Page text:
NEWCOMB-According to Kevin Bolan, physician assistant at Newcomb Medical Center, it is just something that needs to be done. Bolan recently returned from a week long medical mission trip to the Dominican Republic.
"I am paid to help people," he said. "I welcome the opportunity to help people for no pay. I have to give back."
The trip was sponsored by the Albany Diocese of St. Eustace Episcopal Church in Lake Placid. This was Bolan's fourth trip and third time serving in the Dominican Republic. He has also visited Guatemala in a past trip.
The group of 21 doctors, nurses and other volunteers traveled to the Dominican Republic Feb. 25 and spent half of their time in the inner city village of San Pedro de Macoris and the other half on a sugar can plantation.
"People walked miles from surrounding villages with no shoes to reach us," Bolan said. "For many of them, we were the only medical care they will see all year."
The group delivered medications, vitamins, filtered water and performed treatment for many parasites, blood pressure problems and diabetes within the local villages.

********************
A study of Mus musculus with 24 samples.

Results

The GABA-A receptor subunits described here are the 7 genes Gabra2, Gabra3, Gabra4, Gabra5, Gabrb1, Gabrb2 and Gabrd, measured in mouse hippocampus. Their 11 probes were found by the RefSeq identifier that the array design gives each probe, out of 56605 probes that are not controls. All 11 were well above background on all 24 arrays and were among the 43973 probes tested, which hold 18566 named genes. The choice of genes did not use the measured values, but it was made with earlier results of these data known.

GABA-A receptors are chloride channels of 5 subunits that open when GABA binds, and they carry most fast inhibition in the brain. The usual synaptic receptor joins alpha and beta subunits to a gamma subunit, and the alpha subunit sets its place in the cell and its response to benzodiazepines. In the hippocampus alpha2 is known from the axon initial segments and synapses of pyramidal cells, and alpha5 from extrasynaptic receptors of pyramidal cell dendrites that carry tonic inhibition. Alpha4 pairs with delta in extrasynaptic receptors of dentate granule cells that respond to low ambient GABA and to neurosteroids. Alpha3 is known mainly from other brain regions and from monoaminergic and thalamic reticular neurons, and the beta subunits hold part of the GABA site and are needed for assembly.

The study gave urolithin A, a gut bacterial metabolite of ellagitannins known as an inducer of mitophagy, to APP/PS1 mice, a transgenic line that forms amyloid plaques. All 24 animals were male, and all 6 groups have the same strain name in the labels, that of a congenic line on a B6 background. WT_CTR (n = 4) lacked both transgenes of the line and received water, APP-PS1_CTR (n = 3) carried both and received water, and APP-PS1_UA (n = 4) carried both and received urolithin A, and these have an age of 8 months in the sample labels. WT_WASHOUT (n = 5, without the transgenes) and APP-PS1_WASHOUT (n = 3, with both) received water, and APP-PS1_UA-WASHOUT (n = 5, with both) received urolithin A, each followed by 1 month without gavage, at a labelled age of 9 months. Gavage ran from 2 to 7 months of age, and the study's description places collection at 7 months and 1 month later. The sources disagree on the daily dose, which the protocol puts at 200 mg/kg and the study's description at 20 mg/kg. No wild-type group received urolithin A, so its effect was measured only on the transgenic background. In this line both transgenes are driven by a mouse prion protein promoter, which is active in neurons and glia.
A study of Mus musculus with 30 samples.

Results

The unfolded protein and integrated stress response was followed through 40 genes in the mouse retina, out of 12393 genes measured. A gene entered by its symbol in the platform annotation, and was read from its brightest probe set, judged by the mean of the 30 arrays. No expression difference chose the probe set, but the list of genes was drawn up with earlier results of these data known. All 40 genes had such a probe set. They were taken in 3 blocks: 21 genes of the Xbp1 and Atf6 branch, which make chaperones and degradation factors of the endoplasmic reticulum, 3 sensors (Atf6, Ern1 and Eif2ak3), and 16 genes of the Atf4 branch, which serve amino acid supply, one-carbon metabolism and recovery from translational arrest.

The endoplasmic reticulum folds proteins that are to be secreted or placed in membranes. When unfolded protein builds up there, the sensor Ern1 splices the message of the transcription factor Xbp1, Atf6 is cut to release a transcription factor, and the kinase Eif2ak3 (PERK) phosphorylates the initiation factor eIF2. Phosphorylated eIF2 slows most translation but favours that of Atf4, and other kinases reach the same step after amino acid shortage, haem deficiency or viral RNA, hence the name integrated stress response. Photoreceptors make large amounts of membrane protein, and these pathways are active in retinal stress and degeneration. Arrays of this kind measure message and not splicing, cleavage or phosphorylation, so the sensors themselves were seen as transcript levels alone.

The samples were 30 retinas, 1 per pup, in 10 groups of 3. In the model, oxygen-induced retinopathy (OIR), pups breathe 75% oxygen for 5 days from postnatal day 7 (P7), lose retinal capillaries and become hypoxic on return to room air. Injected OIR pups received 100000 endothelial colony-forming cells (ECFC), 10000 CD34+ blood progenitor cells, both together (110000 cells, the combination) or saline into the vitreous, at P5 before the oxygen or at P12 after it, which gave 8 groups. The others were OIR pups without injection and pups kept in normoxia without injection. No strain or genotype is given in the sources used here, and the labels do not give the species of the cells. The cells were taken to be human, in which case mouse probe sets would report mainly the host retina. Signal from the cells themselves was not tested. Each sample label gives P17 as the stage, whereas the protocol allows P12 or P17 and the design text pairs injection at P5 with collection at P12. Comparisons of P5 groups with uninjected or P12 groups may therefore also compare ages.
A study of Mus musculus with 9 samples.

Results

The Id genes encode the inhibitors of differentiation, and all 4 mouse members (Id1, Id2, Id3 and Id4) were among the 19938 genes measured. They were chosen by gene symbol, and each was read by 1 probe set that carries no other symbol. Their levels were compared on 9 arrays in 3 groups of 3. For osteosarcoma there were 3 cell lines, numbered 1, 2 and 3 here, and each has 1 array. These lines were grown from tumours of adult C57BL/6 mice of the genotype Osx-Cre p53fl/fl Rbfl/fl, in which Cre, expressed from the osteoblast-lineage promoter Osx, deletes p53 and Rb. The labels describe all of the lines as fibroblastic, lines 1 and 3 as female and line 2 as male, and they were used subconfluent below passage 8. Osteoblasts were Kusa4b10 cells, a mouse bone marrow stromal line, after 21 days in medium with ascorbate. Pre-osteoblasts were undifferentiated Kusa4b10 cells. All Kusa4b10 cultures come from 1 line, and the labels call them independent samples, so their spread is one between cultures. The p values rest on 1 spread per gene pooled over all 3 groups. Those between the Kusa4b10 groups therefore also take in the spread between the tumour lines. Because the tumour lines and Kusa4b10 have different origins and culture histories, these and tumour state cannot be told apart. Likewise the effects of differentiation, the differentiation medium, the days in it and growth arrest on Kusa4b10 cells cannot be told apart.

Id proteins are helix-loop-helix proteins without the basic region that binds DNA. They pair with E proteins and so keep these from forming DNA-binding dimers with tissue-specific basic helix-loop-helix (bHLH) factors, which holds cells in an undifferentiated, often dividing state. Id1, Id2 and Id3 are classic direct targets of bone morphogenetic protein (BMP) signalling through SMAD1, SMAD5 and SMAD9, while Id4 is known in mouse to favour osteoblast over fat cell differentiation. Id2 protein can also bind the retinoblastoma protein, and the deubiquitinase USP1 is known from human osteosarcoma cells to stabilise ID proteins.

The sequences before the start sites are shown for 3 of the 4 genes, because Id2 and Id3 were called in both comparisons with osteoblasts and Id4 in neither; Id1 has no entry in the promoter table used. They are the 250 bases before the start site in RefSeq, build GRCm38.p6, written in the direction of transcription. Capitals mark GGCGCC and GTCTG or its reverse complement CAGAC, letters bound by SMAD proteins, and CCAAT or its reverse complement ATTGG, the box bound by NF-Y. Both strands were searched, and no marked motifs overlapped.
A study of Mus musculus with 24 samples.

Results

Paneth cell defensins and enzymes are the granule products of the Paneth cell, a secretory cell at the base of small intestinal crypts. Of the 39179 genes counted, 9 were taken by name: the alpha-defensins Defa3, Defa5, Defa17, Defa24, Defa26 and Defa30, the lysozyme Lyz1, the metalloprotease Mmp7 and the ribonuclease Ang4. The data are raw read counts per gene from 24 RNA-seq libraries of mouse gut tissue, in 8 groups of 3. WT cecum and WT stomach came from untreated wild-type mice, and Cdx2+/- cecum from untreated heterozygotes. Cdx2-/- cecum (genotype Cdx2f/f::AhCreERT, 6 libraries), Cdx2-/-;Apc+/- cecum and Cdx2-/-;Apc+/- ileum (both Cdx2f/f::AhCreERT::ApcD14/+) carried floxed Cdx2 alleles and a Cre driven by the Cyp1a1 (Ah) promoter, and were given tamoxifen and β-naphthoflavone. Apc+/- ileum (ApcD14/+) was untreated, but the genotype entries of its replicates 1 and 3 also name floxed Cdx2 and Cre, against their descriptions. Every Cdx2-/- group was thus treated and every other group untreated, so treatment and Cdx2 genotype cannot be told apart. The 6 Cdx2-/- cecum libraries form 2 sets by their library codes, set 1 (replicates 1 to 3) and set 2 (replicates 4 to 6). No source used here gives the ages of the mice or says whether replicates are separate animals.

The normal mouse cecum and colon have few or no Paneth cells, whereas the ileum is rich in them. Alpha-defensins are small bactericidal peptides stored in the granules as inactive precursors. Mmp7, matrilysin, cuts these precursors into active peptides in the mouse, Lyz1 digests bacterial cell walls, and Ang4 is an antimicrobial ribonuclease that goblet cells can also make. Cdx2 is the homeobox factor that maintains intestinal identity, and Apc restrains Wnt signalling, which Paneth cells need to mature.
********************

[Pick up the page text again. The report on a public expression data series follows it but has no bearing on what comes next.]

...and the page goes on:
"Water is a big deal there," Bolan said. "We would treat many parasites or fungal infections and then our patients would drink unfiltered water and be exposed to the parasites all over again."
The child mortality rate is dangerously high within the Dominican Republic. This is due, not only to the water problem, but unclean living conditions in general, according to Bolan.
"We approached many small huts where six to 10 people were living," he said.
Bolan paid his own way to attend the trip and was faced with financial burdens this year that he had not encountered before. In the past, pharmaceutical companies would donate the necessary medications for the trip.This year, Bolan had to raise the money himself.
To help compensate for the cost, Bolan hosted an Italian Dinner fundraiser in Newcomb. The event raised roughly $2,000, which went directly to purchasing medication and medical supplies.
"I was absolutely amazed at the charity exhibited in this small community," Bolan said.
He even received volunteer help from those who had little to give.
"A patient of mine, who is without health insurance and has little money to spare was there to help in any way he could," Bolan said.
He also raised another $2,000 in private donations from members of the community. With the $4,000 coupled with subsidized supplies through MAP International, Bolan was able to purchase $26,000 worth of medical supplies and medications with only $1,200.
MAP International is a global Christian health organization that responds to people living in conditions of poverty to meet their medical needs.
The remaining money was used to fulfill other needs once the group reached the Dominican Republic.
"I felt like the whole community was behind me," Bolan said.